When both members of a couple are dealing with drug abuse or addiction, it can be difficult to get help. If only one member of the couple goes to rehab, the other partner’s continued substance abuse can make it much harder for the first partner to avoid relapsing into drug use after treatment is over. Nevertheless, not getting help can create many risks for the couple, such as relationship challenges, financial loss, and even negative effects on physical and mental health for both partners.
However, if both partners are willing to undergo rehab at the same time, it can help them to learn to recover together. When couples attend rehab together, it can give them tools to manage their own addictions – understanding each person’s individual triggers and cravings, and learning to avoid relapse. It can also offer help in improving the relationship, managing issues such as codependence and enabling, and creating a new relationship dynamic that supports each partner alone and together in maintaining recovery.
Partnerships where both members of the couple use drugs are very common. The National Abandoned Infants Assistance Resource Center states that, in particular, women who use drugs or alcohol are more than two times as likely as men to have a partner who is also a substance abuser.
The relationship itself can be damaged by this substance abuse, even if the couple is committed to making the relationship work. Based on information from the American Association for Marriage and Family Therapy, signs of trouble for the relationship include:
These issues develop on top of the negative effects that develop for each individual, complicating drug use and often leading to increased abuse. When this gets to be too much, one partner might decide to seek treatment.
In the case where a couple has a strong relationship, it can be helpful for the partners to go through rehab together. It can be more likely for partners who both use drugs to relapse after treatment if they are treated separately, and a study from Substance Abuse Treatment, Prevention, and Policy demonstrates that a positive relationship can be a motivating factor in both achieving and maintaining recovery.
To reinforce the power of a romantic relationship in helping both partners to get and stay clean, couples can attend or otherwise participate in treatment together in a variety of ways, depending on the couple’s dynamic and the individuals’ needs.
In a program where couples can attend together, this motivation is reinforced through the couple’s continual reaffirmation of commitment to one another.
Sometimes, attending rehab together may not be an option. In certain cases, each individual may have issues that need to be dealt with separately – issues that may not be managed as easily if the couple is living in the same facility. In this case, the couple may be placed in separate living arrangements. This might be the case if there has been violent behavior between the partners, or if one partner has medical or psychological issues that warrant more intense care.
Still, if the couple is committed to making the relationship work, this situation can involve communication and therapy with the two partners together. A regular schedule might include couples therapy sessions multiple times weekly, along with the ability to visit one another. Otherwise, the two would be in separate parts of the facility, or even in separate facilities, for the main program elements.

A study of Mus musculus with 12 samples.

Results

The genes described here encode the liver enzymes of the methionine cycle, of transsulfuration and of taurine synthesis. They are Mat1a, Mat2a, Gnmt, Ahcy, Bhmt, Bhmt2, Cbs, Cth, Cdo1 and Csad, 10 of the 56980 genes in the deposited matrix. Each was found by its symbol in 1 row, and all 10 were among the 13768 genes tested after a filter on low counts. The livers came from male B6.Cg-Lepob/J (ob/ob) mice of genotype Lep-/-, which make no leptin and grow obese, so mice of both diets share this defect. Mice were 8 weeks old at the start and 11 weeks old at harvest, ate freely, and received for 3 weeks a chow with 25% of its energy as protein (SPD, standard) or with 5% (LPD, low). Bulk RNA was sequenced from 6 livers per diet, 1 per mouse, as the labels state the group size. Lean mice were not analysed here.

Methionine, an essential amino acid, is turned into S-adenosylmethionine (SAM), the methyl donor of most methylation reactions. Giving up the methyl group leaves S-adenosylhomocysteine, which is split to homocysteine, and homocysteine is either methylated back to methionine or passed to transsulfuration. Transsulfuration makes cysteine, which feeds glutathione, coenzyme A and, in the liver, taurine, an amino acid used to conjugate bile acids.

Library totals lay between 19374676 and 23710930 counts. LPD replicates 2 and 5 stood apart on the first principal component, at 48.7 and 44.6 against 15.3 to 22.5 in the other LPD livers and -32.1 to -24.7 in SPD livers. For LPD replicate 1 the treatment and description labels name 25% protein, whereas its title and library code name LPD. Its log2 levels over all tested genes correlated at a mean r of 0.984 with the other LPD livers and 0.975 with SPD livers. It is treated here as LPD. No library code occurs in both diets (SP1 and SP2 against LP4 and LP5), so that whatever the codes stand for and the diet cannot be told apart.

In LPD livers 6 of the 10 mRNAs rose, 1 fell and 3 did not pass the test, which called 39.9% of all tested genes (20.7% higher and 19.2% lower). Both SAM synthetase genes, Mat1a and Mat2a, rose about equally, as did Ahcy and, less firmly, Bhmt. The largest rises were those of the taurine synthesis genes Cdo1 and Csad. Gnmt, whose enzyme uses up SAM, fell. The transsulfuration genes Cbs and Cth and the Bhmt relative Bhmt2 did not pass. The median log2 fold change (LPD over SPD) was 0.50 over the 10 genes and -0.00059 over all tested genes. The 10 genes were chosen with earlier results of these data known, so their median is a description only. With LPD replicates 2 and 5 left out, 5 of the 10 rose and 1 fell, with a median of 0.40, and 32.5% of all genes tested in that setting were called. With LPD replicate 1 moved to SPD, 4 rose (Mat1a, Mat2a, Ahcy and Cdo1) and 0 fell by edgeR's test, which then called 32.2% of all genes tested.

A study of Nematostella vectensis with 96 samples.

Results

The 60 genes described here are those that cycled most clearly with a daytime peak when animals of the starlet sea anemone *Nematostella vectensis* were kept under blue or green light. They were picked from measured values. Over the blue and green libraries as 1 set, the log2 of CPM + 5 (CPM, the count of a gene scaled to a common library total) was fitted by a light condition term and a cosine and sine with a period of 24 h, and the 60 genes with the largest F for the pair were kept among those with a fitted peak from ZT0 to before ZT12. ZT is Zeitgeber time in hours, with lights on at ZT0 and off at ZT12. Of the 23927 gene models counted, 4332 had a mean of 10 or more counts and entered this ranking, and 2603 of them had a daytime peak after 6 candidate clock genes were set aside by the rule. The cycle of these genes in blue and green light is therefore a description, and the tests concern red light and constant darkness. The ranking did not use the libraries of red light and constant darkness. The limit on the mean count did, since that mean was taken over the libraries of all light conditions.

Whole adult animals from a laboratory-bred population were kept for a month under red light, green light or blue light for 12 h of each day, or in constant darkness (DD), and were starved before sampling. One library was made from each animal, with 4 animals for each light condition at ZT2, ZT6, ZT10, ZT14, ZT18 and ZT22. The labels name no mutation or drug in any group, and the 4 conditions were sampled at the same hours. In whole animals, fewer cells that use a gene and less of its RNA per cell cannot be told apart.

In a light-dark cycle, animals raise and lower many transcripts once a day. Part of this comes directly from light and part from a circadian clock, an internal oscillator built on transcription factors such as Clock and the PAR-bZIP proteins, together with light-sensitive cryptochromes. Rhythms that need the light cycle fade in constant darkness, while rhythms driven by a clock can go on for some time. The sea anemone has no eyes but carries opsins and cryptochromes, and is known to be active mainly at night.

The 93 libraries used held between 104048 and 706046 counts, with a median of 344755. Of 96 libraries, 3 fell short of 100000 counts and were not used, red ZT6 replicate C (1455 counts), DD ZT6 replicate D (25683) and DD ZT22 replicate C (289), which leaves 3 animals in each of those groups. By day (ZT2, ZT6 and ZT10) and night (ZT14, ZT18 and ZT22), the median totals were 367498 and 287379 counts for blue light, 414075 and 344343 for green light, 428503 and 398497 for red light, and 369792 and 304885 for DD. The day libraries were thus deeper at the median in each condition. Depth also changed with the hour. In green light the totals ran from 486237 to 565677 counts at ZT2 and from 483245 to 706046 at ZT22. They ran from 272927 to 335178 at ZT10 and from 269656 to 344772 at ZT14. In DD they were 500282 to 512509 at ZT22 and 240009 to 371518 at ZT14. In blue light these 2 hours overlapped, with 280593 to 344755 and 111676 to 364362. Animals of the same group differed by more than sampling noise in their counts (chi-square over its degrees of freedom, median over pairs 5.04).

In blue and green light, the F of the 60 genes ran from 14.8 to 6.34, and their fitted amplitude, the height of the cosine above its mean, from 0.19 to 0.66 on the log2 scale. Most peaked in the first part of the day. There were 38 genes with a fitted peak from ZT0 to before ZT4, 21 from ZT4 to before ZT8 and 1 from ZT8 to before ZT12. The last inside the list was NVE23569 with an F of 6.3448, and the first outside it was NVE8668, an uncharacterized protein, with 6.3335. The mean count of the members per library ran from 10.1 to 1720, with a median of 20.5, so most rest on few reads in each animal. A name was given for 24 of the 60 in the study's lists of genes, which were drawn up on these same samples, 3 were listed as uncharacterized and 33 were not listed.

A lot of research, such as an article from the Journal of Substance Abuse Treatment, has shown the benefits of working with the two members of a couple together during rehab. Even when only one member of the couple is abusing drugs or alcohol, this type of therapy has been shown to have benefits for both partners and for reducing the risk of relapse. These benefits are also seen for couples in which both partners are abusing drugs.
There are situations in which it may not be a good idea for a couple to attend rehab together. These include situations the followings situations:
Whether or not an individual enters rehab when a partner isn’t ready to do so can be a hard decision to make. However, it is important to remember that a person can never make a loved one ready for change. In this circumstance, getting into rehab alone is a step that can be vital for the individual who gets help, and that may also serve as an example to the partner.
Regardless, the main focus should be getting help for the partner who is ready to change. As described by the National Abandoned Infants Assistance Resource Center information, getting help for one person and getting the other person at least involved in couples therapy may help both parties become more willing to continue with treatment.
Once the couple has completed rehab, and the partners are managing recovery together, they can offer each other a great source of support for future challenges. With commitment, they can keep each other on track, help each other avoid triggers and cravings, and remind one another about the tools and skills learned in rehab. A challenge may arise if one of the partners does relapse, as this makes it more likely that the other partner will relapse as well. However, with continued involvement in aftercare programs and a peer support group, the couple should be able to maneuver through these challenges and continue in recovery.
The strength and love that a couple can provide for each partner in treatment and recovery can be essential. That added motivation can help both partners to achieve recovery, maintain abstinence, and move forward in a supportive relationship that thrives without the need for drugs or alcohol.